March 10, 2014

Columnist: Kentucky Baptists lure unchurched with gun giveaways

The Kentucky Baptist Convention thinks it’s found a way to attract non-churchgoing men.

The Kentucky Baptist Convention thinks it’s found a way to attract non-churchgoing men.

Give away guns. At church.

You read that right: According to the Louisville Courier-Journal, the Kentucky Baptist Convention is staging “Second Amendment Celebrations” at member churches around the state.

As an “outreach to rednecks,” as the convention’s spokesman put it, the churches are giving away guns as door prizes as a way to lure unchurched men and then, if all goes according to plan, convert them into followers of Christ.

More than 1,000 people were expected to show up at Lone Oak Baptist Church in Paducah this month for a free steak dinner and a chance to win one of 25 handguns, long guns and shotguns.

Chuck McAlister, an ex-pastor and former host of a hunting show on the Outdoor Channel, presides at these gunfests in Kentucky churches. He told the Courier-Journal that 1,678 men had made “professions of faith” at about 50 such events last year, most of them in Kentucky.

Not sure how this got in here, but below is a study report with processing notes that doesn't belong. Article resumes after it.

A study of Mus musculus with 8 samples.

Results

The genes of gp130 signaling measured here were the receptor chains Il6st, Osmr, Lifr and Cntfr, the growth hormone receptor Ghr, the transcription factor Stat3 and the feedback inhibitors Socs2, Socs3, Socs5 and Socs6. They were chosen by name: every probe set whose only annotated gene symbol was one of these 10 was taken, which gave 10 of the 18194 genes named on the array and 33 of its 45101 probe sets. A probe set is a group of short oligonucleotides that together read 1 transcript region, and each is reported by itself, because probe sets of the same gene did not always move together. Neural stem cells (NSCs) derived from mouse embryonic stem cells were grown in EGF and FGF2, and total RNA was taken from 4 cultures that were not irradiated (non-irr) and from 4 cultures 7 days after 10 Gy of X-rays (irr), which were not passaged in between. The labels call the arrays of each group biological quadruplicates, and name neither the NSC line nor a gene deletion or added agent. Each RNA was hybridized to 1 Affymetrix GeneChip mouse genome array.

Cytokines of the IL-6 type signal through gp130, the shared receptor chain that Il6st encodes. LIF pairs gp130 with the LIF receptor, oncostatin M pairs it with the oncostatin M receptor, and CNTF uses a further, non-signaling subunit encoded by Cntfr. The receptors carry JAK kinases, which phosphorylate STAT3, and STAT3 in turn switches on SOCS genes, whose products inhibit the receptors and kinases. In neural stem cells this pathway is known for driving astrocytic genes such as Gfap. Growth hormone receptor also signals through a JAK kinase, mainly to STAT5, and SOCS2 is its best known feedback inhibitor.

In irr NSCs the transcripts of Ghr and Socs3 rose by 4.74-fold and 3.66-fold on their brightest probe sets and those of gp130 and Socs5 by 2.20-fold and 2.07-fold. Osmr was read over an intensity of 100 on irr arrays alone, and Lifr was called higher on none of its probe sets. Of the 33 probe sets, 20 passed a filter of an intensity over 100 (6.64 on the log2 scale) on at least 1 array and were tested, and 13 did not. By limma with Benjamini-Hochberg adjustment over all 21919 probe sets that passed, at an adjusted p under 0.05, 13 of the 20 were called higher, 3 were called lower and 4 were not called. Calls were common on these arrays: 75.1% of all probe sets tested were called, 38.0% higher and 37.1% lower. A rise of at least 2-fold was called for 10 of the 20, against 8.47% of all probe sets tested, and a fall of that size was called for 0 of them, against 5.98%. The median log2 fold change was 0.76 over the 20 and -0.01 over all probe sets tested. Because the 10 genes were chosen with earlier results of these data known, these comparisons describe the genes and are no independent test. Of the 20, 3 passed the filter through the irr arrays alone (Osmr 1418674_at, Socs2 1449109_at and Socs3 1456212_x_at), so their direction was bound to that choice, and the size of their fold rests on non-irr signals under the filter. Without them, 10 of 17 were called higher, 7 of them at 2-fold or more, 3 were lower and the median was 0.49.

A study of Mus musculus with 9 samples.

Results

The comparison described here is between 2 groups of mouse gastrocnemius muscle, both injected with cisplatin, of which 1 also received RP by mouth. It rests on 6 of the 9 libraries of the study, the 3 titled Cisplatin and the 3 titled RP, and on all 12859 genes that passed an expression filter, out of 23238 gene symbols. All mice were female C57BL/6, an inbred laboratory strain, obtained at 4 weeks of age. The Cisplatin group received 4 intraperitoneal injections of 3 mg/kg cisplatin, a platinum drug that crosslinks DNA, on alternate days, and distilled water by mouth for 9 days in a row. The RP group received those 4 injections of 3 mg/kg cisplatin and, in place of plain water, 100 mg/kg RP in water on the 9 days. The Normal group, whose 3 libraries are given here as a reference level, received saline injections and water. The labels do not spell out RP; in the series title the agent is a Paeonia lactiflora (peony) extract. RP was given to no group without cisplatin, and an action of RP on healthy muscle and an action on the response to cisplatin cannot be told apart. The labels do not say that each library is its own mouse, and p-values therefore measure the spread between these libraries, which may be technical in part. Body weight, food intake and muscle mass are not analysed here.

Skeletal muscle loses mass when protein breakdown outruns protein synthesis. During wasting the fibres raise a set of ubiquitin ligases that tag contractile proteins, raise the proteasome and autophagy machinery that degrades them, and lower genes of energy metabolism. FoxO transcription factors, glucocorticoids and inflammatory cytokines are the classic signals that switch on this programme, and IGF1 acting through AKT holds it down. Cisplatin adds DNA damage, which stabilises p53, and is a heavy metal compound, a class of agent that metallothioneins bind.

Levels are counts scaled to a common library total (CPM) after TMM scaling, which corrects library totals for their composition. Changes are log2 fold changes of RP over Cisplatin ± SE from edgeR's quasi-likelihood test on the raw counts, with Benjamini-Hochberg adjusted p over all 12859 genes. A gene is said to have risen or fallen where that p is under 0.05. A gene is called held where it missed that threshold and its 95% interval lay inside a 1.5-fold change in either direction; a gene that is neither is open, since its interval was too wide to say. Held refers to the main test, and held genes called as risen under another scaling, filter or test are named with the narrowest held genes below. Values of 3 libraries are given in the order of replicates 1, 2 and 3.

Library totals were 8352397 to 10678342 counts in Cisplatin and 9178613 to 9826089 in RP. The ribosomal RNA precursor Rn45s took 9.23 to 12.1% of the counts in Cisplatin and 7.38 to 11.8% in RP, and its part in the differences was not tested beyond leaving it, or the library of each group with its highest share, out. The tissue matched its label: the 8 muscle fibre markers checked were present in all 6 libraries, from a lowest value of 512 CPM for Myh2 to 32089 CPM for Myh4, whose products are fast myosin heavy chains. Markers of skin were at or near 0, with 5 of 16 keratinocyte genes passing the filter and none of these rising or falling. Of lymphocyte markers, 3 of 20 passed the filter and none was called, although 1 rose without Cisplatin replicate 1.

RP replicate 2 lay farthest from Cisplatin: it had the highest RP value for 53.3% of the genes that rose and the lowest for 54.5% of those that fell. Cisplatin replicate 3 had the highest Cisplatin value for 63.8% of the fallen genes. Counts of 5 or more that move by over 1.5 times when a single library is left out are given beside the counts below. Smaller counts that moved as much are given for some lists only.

But the newspaper talked to some pastors who thought the idea was a bit backwards if the goal was to make these men disciples of Jesus — also known as The Prince of Peace.

“How ironic to use guns to lure men in to hear a message about Jesus, who said, ‘Put away the sword,’” said the Rev. Joe Phelps, pastor of Louisville’s Highland Baptist Church.

Read the full Courier-Journal story and watch a related video here.

I checked with the state Baptist Convention of North Carolina, whose spokesman, Brian Davis, said he’s not heard of any gun-giveaways by churches in the Tar Heel State.

And Davis said his organization of 4,300 Baptist churches has rules in place that prohibit firearms at its camps and conference centers.

“So it would be difficult for us to endorse that as a convention because of our own policies,” Davis said.

Still, he did not pass judgment on what the Kentucky Baptists are doing.

“That’s a new one to me,” he said. “But the Scriptures do say we should try to engage people where they are.”

In Charlotte, at least one church is going the other way: At Christmastime for the last seven years, New Life Fellowship Center in the city’s Double Oak community has offered gift cards in exchange for people dropping off guns at the church.

The program brought in about 120 guns the first year. The church, pastored by John Kee, turns the guns over to the Charlotte-Mecklenburg Police Department to be destroyed.